Energy Policy Group

ESMW co-sponsoring Electricity Market Reform workshop

The Energy Security in a Multipolar World (ESMW) research cluster is co-sponsoring the upcoming Expert Stakeholder Workshop ‘Expanding the Demand-Side: Security, affordability and choice in electricity market reform’ with the Combined Heat and Power Association (CHPA), to be held in London on March 3rd 2011.

The Electricity Market Reform consultation has set in motion what should be the most significant reform in the UK energy market since the early 1990s, and in looking to meet the challenges of building a decarbonised energy system the Government has not shied away from radical proposals. Amongst these is a commitment to expand the role of the demand-side of the electricity market, creating the opportunity for energy efficiency, load management, distributed generation and smart systems to compete in delivering a secure energy system at the lowest cost for consumers.

An expanded role for the demand-side – including distributed generation and active management of distribution networks – is not a new concept in electricity markets, but it remains a long way from fulfilling its potential in the UK. The D3 workshop provides a platform for stakeholders who are active in the sector to help shape the agenda of market reform, through interaction with Government, regulators, network operators and other experts who already active in the sector.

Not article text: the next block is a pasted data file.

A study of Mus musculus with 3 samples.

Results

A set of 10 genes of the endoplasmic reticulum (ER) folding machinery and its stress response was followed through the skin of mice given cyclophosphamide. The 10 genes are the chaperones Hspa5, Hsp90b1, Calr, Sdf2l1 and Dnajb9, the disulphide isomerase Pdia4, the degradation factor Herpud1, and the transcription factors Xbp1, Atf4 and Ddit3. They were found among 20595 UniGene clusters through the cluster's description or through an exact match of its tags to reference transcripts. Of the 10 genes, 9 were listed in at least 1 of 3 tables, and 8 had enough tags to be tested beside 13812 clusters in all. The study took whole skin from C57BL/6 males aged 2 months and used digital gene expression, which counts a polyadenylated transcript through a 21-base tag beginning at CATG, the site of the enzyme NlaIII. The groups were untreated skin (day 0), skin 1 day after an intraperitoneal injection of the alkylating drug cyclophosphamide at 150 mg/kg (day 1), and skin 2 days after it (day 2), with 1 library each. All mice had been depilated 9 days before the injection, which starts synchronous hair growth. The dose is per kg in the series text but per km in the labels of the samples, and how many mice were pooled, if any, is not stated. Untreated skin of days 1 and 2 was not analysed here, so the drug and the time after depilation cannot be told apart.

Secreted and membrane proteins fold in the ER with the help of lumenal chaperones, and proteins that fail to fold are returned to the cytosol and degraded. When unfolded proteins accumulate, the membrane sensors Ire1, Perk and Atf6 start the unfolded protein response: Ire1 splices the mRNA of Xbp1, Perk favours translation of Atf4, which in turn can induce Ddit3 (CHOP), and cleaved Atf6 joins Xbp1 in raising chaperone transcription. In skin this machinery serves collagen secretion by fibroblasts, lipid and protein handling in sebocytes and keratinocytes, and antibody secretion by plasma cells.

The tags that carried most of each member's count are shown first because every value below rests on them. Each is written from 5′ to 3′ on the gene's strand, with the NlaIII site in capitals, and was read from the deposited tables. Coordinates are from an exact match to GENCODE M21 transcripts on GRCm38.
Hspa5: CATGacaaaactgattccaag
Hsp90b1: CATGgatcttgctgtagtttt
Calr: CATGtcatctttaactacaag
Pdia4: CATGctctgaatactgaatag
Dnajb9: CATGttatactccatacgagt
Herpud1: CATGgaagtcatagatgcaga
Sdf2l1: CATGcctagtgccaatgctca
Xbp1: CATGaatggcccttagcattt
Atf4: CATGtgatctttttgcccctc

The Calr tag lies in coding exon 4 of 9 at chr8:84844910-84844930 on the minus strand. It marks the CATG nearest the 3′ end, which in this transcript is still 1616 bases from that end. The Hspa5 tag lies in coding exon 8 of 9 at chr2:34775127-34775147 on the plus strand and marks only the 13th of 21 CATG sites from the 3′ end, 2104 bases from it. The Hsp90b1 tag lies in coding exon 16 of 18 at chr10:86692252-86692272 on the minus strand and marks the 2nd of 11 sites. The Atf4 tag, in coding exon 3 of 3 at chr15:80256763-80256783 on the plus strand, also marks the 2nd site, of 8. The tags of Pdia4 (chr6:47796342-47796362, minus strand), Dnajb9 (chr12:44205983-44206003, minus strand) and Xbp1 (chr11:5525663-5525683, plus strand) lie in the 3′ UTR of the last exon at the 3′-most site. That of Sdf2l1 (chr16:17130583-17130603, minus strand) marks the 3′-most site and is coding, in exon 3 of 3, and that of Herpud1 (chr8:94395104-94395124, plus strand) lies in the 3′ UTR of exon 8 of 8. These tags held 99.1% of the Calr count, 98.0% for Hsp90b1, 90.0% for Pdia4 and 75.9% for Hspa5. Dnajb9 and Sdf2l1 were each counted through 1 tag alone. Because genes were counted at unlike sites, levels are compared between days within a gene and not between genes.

This one day conference will explore the EMR consultation proposals with reference to the range of demand–side solutions on offer – demand reduction, demand management and distributed generation – and the capabilities of our electricity networks to mobilise them. Guest speakers from the US will share their experience as designers, analysts and regulators of the New England capacity markets, alongside industry participants and experts from the UK. The programme will include both plenary and interactive workshop sessions.

Areas of focus will include:

  • Creating effective market mechanisms to access the value of demand-side and distributed generation participation in capacity and ancillary services markets
  • Establishing the proper market conditions for competitive new market entry, including liquidity and transparency in electricity markets
  • Elimination of barriers to entry, including costs of market participation, regulatory burden and management of imbalance risk
  • Putting in place the systems, infrastructure and incentives to leverage the benefits of demand-side participation, including active network management and ‘smart’ systems.